As ever the dark annals of the deep
Disclosed for man to dread or woman weep.200


We leave them to their fate, but not unknown
Nor unredressed. Revenge may have her own:[1]
Roused Discipline aloud proclaims their cause,
And injured Navies urge their broken laws.
Pursue we on his track the mutineer,
Whom distant vengeance had not taught to fear.
Wide o'er the wave—away! away! away!
Once more his eyes shall hail the welcome bay;
Once more the happy shores without a law
Receive the outlaws whom they lately saw;210
Nature, and Nature's goddess—Woman—woos
To lands where, save their conscience, none accuse;
Where all partake the earth without dispute,[2]
And bread itself is gathered as a fruit;[3]
Where none contest the fields, the woods, the streams:—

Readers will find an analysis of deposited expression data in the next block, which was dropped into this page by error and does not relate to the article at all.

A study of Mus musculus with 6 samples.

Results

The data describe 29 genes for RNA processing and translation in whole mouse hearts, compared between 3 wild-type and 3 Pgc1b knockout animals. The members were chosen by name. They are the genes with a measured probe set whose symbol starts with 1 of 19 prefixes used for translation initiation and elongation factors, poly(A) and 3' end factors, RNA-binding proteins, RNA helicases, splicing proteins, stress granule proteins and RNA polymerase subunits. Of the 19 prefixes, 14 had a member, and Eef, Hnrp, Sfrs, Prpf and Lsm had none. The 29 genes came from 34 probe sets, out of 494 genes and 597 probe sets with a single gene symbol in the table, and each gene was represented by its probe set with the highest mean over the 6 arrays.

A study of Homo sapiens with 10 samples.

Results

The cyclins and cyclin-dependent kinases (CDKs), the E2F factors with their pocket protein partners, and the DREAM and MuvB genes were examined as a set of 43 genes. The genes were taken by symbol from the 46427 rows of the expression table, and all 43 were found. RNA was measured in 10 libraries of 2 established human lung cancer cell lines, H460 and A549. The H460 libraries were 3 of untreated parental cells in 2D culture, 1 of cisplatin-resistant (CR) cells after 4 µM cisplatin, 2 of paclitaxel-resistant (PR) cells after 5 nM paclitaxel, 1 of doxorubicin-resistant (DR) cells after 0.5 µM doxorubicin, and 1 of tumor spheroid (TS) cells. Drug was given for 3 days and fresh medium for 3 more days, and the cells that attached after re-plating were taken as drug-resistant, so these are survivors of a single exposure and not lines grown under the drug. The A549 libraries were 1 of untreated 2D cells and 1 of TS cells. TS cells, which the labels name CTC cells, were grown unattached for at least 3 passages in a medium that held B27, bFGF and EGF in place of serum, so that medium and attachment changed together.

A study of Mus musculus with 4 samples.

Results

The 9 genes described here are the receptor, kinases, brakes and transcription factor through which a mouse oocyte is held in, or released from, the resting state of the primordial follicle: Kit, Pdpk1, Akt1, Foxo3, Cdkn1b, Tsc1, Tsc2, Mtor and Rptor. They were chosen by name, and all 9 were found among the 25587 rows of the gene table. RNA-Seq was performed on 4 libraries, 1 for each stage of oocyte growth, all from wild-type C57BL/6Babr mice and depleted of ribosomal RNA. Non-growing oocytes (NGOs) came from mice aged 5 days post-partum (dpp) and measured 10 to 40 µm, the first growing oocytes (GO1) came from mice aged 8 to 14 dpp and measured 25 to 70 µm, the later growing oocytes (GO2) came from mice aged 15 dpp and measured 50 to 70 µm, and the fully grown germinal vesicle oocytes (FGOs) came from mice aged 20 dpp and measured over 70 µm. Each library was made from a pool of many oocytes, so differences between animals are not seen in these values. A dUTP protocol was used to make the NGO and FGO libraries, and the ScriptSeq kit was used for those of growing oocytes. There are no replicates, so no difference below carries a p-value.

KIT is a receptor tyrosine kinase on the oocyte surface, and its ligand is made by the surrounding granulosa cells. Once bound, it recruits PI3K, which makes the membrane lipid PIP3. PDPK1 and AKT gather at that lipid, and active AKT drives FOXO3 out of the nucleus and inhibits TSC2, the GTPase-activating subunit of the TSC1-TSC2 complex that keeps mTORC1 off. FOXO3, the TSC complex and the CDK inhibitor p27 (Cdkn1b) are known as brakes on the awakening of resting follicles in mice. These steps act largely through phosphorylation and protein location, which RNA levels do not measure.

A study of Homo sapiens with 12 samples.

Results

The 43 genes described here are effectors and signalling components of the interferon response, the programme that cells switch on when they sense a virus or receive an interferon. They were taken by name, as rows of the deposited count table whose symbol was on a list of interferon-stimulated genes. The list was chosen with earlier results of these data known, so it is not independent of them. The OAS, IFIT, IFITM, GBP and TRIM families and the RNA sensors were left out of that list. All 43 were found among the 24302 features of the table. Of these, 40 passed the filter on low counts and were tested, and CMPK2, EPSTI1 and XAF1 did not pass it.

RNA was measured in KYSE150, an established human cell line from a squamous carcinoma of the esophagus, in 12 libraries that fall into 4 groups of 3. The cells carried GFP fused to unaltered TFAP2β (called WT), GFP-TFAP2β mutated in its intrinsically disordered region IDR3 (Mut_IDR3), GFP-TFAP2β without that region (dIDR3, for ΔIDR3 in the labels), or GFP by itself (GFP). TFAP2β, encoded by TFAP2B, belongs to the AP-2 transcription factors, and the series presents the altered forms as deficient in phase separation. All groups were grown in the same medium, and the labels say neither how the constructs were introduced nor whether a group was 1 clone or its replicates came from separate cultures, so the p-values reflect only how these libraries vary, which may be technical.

The goldless Age, where Gold disturbs no dreams,
Inhabits or inhabited the shore,
Till Europe taught them better than before;
Bestowed her customs, and amended theirs,
But left her vices also to their heirs.[4]220
Away with this! behold them as they were,
Do good with Nature, or with Nature err.
"Huzza! for Otaheite!" was the cry,
As stately swept the gallant vessel by.
The breeze springs up; the lately flapping sail

Extends its arch before the growing gale;
  1. Nor yet unpitied. Vengeance had her own.—[MS. D. erased.]
  2. ——the undisputed root.—[MS. D. erased.]
  3. The now celebrated bread fruit, to transplant which Captain Bligh's expedition was undertaken.

    [The bread-fruit (Autocarpus incisa) was discovered by Dampier, in 1688. "Cook says that its taste is insipid, with a slight sweetness, somewhat resembling that of the crumb of wheaten bread mixed with a Jerusalem artichoke."—The Eventful History, etc., 1831, p. 43.]

  4. [See Letters from Mr. Fletcher Christian (pseud.), 1796. pp. 48, 49.]